The Origins of the 1776 Continental Dollar Coin
The 1776 Continental dollar coin represents, perhaps more than any other piece of US currency, the state of upheaval within the nation in 1776.
Consider, for example, that there is no known documentation authorizing the issuance or approval of this coin. Moreover, the word currency is misspelled on the obverse of one of the varieties of the coin suggesting that the design and minting was rushed. Under the circumstances, these errors are not surprising. After all, this was the first pattern coin struck for the United States.
After the American Revolutionary War began the US started releasing their own currency. Officials estimate that only 6,000 of these pieces were minted with the production likely occurring in New York. They were made from pewter and experts estimate that only 100 pieces remain today. The scarcity of the coin is not only due to its age. Many believe that this currency was melted and used as another resource in the war effort.
These characteristics make the coin especially collectible. Additionally, many collectors appreciate the piece’s close association with Benjamin Franklin who designed both sides. One side shows sun rays shining on a sundial with the Latin “Fugio” which translates to “I flee.” Next to this are the words, “Mind your business” making the complete message “time flies, so mind your business.”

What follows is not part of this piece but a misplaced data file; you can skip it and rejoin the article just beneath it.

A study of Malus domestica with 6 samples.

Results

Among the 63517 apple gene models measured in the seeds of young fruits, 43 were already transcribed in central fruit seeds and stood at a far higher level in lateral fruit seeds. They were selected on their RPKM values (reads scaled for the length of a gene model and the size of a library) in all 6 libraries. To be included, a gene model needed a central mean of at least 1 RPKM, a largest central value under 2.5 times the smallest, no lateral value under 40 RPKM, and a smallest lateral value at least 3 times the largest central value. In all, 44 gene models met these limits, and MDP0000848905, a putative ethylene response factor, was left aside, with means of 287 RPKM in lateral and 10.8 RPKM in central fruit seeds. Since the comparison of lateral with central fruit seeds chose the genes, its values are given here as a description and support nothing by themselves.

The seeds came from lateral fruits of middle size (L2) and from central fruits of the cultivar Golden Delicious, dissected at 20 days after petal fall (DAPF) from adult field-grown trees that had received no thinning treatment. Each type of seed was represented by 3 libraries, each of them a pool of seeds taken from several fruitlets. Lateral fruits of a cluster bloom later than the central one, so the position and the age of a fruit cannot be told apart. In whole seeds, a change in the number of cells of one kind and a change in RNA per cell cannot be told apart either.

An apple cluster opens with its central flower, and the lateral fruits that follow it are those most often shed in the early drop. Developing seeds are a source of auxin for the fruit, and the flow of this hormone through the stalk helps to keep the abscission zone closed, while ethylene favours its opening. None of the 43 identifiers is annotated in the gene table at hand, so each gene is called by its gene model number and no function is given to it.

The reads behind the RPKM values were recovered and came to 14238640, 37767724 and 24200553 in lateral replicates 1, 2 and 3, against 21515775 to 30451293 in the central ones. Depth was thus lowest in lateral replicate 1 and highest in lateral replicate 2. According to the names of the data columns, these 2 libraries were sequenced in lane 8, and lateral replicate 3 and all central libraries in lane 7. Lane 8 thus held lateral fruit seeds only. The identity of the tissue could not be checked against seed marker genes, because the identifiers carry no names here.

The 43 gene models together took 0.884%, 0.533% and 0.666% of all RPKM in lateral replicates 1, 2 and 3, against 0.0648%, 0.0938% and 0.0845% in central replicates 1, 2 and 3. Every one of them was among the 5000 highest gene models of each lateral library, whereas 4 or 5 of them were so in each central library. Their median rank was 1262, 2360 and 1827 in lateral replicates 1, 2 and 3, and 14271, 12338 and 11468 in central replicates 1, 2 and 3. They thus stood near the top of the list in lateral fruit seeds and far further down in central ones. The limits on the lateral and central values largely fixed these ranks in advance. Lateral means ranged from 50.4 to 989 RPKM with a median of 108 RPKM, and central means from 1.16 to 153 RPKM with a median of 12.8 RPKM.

The reverse shows thirteen chain links representing the thirteen original colonies. Their depiction as a chain is meant to encourage solidarity among the nation’s citizens. Imagery like this perfectly captures the mood underpinning the formative years of the country. It was a time when each citizen had to contribute and nothing was accomplished without hard work. In fact, even the coin itself was hand-punched. As a result, no two dies were the same.
The roughness of the minting can be best explained by the secrecy in which they were produced. In 1776, any efforts to mint a new coin would have been seen by the British as an attempt to counterfeit currency. Despite this secrecy, one variety includes the legend “EG FECIT” which is Latin for “EG made this.” Here, EG stands for Elisha Gallaudet who engraved the plates for the coin. There are seven die combinations comprised of four obverse dies, and two reverse dies. The misspelling occurs among these as either the word “curency,” or “currencey.”
Today, the piece remains one of the most sought after coins among US collectors. Some varieties are especially rare because they were struck in brass and silver rather than pewter. Numismatists estimate that approximately fifteen brass versions, and four silver versions still exist today.